Urbanites want foods that are diverse and in season, so vendors are eager to meet the demand. Even the bangers and mash are fresher.

April 22, 2007|Beth Gardiner | Special to The Times

London — Ahunk of butter, a little garlic and a handful of mushrooms -- Sporeboys owners David Robinson and Andrew Gellatly toss fresh chanterelles, portobellos and cepes in a saute pan, sprinkle a bit of pecorino cheese and parsley on top and throw it all between two slices of fresh-baked bread.

Eager lunchtime crowds line up for their sandwiches at the London markets where the two set up their stall. Their odd but delectable creation is typical of the diverse offerings at the outdoor markets, which have become magnets for office workers and shoppers looking for a taste of something different.

London has always been a hub for commerce, its street markets central to city dwellers' lives. But something is changing lately in these long-established shopping spots, a shift that reflects the capital's new dynamism and diversity.

The city is booming, brimming with a new confidence as real estate prices spiral upward, financiers seek to snatch New York's mantle as the premier global trading hub and London becomes the favored destination of increasingly mobile young Europeans. Its street markets are some of the best places to see the rapid evolution up close.

Markets that grew up along the "drovers' paths" where herders once led livestock to slaughter are now filled with fabulous foods, stylish clothes and ingredients that demonstrate the international flavor of a city where more than a quarter of the inhabitants were born overseas.

As London grows wealthier, its markets provide evidence of residents' increasingly tony tastes. With immigrants streaming into the city, the markets have become places to snack on fried plantains from the Caribbean and watch women in vividly colored African robes shop for beans and dried fish from home. And they're among the best spots to sample the great foods that Britons have recently begun discovering after centuries of culinary mediocrity. Goodbye boiled vegetables, hello gastro-pubs and the organic revolution. Even bangers and mash have gone upscale.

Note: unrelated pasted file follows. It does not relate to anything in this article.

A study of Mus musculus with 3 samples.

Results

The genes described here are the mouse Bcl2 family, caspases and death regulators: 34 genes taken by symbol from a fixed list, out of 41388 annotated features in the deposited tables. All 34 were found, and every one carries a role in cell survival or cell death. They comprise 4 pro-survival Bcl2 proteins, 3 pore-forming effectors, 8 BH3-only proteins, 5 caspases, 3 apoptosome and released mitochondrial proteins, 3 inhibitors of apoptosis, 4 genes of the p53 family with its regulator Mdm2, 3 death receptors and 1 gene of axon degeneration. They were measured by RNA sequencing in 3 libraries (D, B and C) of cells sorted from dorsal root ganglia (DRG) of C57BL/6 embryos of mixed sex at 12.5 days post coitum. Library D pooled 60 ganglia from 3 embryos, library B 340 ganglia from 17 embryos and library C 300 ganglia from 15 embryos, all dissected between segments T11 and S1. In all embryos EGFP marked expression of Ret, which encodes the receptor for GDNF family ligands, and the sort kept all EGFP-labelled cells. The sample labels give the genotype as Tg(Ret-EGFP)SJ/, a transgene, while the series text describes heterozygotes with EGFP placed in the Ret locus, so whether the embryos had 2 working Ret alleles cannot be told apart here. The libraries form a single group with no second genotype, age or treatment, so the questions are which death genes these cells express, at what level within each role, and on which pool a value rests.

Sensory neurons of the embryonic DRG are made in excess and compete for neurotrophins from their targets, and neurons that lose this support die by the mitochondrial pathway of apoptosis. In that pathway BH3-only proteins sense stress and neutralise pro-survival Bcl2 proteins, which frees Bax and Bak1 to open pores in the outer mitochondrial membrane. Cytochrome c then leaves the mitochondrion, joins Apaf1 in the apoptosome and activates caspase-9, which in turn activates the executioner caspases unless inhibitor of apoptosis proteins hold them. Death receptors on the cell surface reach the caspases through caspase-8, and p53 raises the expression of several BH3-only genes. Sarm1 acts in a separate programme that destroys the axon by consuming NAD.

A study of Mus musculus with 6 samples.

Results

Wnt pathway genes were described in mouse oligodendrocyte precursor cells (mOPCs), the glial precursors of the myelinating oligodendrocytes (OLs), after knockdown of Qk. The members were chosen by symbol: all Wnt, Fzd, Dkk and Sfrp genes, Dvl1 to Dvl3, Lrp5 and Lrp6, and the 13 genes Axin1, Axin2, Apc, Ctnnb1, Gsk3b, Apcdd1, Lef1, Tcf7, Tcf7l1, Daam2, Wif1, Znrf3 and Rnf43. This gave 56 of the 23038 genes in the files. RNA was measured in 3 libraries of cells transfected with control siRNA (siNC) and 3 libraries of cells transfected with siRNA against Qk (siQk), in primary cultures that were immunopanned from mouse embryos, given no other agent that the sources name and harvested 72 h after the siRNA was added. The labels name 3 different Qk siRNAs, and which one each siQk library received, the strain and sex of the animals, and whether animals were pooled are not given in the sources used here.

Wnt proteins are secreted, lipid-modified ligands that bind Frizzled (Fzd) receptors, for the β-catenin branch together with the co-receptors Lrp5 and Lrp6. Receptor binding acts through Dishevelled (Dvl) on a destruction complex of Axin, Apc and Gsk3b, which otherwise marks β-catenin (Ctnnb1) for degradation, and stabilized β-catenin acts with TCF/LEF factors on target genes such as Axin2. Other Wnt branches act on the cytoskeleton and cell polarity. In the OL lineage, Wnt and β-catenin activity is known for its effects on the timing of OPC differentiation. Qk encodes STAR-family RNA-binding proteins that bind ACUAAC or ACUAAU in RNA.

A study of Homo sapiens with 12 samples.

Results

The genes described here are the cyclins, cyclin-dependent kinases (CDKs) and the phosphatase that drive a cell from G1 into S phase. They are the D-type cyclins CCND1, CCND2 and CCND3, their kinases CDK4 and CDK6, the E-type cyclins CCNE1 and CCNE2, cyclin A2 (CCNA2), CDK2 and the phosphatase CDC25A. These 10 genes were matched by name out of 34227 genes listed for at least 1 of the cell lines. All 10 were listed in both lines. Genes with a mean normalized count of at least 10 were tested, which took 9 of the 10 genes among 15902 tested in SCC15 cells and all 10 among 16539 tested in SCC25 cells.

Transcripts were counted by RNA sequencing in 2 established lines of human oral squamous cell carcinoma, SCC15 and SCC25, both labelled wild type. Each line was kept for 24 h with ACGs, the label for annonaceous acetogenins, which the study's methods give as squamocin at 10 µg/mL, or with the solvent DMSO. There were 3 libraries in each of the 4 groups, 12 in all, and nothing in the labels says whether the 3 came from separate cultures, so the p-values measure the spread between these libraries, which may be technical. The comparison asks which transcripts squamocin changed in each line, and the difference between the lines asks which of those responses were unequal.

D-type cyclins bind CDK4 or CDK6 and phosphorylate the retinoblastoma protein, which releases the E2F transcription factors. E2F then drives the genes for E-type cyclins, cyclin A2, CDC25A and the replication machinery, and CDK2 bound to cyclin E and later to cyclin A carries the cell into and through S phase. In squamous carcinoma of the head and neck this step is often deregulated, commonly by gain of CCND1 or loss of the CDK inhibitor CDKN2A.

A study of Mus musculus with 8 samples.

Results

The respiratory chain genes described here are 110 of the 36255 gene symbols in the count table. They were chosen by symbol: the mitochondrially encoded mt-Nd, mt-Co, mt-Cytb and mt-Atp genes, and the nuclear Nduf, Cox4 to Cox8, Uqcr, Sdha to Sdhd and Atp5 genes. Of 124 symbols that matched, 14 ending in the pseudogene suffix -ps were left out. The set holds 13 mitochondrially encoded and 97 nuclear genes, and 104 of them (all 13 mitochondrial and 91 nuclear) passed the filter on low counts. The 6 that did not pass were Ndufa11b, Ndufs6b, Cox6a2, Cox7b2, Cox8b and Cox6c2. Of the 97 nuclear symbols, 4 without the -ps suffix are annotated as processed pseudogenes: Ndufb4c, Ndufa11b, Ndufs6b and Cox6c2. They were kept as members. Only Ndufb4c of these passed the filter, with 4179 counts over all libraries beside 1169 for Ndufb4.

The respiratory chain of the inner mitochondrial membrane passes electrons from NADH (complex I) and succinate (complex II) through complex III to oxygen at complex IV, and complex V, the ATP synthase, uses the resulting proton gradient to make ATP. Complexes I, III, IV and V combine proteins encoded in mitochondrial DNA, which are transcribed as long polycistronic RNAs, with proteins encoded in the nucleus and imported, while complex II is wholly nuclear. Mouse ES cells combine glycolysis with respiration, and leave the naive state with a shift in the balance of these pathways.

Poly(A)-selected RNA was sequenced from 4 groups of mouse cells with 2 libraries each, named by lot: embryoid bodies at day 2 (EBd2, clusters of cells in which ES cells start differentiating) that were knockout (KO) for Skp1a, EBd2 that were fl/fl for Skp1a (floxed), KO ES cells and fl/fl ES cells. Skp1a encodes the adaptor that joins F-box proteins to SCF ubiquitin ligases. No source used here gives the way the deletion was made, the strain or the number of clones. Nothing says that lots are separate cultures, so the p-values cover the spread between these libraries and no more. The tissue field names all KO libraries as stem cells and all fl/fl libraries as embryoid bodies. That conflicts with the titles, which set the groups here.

London "has got 10 million people, it's cosmopolitan, people are looking for something new," said Rob Athill, who hopes the stall he and his wife have opened at Exmouth Market in the hip Clerkenwell neighborhood will kick-start their new Vietnamese coffee business. "This is the place to get noticed."

Also driving the markets' growth are Britons' growing dissatisfaction with mass-produced food in supermarkets.

A nation once happy to subsist on pub grub and crisps (potato chips) is learning to love fresh food that's produced nearby and eaten in season. The outdoor markets are full of small businesses such as Two Fishwives, which sells gourmet fishcakes and pies, and a cider enterprise run by owner Barry Topp, who presses his own hard cider.

Portobello Road's antiques fair and the crafts and fashions of Camden Town have long been stops on the London tourist trail. But the real treasures are lesser known, the shopping spots where at-home cooks fill canvas bags with fresh vegetables and bread, and locals chat with their neighbors and sip pints of beer.

These markets are the places where Londoners bring their kids to hang out on a sunny Saturday, stop for lunch and schmooze with whomever happens to stroll by. They're perfect spots for visitors to catch a glimpse of everyday community life in a fast-changing city that's still holding tight to its history. And be sure to stay for a bite while you're there.

Borough Market is the scrumptious granddaddy of London's food destinations, first established when the Romans occupied the city and settled in its current location -- just south of the Thames River, near London Bridge -- for 250 years. It's a favorite stop for foodies hunting down that perfect French salami or Scottish sausage, and it's often packed on Saturdays with Londoners getting ready for weekend dinner parties.

Some complain prices are inflated, but the market's range and quality are incomparable, and an hour spent browsing can easily make lunch unnecessary: Many stalls offer samples to passersby, who gorge happily on cheeses, sweets and much more. More than 125 vendors in the enormous, covered complex offer a dizzying number of choices: buffalo Parmesan, lamb from Scotland's remote Orkney Islands, traditional English pork pies, organic fruit smoothies, 1,700 kinds of beer in one shop alone.

"It's my economic salvation," said Topp, the cider maker. Shoppers, he said, value the market's fresh goods. "There are so many stalls that are cooking their own products, you can taste them -- there's somebody on hand who's quite happy to talk to you."